Did this dance address any defined subject, or many? No, and maybe. Or yes, and yes. (When Morris created it for a Croatian folk dance troupe in 1994, he had the escalating war in Bosnia on his mind, more or less.) Its subtlety allows for open-ended interpretations. “The Office” is everything you want in a work of art.
In his long and extraordinarily fruitful career, Morris has made whispering dances such as “The Office,” but also large-scale narrative works (“The Hard Nut,” “L’Allegro, il Penseroso ed il Moderato”) and bold, muscular plotless ones (“Grand Duo,” “V”). But what binds his output is subtlety, which paradoxically gives his work its emotional, musical and visual force.
Subtlety is an aspect of the unexpected — important because I want to be surprised at a performance. I want to see something new. On this evening, I also heard something new, and it wasn’t just the Dvorak. Morris insists on live music — he always travels with his own musicians — and he abhors the predictable. So a Morris evening features the kind of wide-ranging and provocative encounters with chamber music that, say, a program of Merce Cunningham’s avant-garde works once offered in modern music.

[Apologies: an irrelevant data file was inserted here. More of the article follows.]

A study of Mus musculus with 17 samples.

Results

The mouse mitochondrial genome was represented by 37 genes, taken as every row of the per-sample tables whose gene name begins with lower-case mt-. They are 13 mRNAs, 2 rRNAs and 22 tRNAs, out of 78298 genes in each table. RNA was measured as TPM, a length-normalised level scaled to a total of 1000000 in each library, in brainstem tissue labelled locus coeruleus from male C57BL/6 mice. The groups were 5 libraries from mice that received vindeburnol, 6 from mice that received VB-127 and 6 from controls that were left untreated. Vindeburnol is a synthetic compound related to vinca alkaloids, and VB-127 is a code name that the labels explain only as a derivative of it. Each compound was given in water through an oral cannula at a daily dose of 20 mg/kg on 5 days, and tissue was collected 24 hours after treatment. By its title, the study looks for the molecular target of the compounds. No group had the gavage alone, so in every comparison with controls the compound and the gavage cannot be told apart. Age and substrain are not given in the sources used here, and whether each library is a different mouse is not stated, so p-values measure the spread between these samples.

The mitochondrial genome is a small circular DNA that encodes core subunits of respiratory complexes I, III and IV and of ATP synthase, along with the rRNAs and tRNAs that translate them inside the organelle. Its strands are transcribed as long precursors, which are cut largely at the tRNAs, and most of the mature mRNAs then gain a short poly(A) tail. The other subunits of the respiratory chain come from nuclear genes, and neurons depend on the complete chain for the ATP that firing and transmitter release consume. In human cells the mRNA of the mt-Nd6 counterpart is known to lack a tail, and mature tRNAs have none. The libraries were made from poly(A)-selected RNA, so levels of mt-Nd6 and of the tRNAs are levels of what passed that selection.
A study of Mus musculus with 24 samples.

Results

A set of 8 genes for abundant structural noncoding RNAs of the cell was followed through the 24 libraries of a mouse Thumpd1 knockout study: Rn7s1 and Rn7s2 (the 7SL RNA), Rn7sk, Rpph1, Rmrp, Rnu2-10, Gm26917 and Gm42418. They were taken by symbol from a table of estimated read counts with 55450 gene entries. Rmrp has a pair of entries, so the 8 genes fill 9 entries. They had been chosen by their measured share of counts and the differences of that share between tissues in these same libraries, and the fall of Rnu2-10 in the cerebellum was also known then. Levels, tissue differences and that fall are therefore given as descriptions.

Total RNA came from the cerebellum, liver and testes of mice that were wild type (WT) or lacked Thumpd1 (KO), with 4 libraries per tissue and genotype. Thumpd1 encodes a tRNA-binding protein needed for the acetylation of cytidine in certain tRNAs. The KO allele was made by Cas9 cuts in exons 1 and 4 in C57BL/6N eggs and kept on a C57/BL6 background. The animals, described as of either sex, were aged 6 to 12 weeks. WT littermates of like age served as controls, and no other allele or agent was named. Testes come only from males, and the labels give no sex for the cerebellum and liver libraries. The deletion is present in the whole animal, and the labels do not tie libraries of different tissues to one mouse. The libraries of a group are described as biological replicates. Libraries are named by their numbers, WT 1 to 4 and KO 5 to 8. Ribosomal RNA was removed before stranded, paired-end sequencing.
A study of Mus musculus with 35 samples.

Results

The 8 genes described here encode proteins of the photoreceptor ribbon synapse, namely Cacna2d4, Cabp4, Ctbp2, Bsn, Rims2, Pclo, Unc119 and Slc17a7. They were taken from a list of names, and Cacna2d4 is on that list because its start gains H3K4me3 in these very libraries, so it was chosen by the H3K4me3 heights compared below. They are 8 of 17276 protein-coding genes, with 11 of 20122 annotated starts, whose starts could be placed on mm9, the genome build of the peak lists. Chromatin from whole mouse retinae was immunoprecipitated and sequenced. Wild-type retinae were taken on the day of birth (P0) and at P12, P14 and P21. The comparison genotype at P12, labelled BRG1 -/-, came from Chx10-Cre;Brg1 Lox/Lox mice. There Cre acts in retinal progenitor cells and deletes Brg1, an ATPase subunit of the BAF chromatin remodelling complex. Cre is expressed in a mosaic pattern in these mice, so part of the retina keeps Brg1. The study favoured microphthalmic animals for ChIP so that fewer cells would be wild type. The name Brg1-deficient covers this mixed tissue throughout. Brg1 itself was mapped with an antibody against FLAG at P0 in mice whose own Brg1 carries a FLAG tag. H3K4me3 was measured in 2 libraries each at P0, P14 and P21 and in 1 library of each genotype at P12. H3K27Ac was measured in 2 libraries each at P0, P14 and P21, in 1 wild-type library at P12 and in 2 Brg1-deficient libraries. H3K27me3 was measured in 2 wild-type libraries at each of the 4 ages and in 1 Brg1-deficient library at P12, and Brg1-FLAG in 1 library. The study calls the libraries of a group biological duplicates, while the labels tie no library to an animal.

“Festival Dance,” also on the George Mason program, featured little-known Austrian composer Johann Nepomuk Hummel. He could have composed for musical theater: At one point, amid the foamy good cheer of his Piano Trio No. 5 in E, Op. 83, I heard a jaunty little tune that sounded like something out of the musical “Oklahoma!” Morris responded to Hummel’s high spirits with a straightforward expression of joy for six couples. At times we glimpsed their private play, at others they gave us a romping barn dance. Every now and then one dancer balked at her partner, or threw up her hands in frustration; there were little snags in this vision of unity, which was part of the overall charm.
If “Festival Dance” was mostly pleasure and “The Office” was mostly pain, “Socrates” was an elixir of both. How unfair to have seen it only once. I’d like to view this piece many times over, for its miracle of calm while unfurling the story of the philosopher’s death. Though the dancing didn’t actually tell the story — that was left to the vocal text accompanying Satie’s spare piano composition “Socrate.” It was beautifully sung in French by Zach Finkelstein, and translated in surtitles above the stage. (The excellent Colin Fowler played piano.)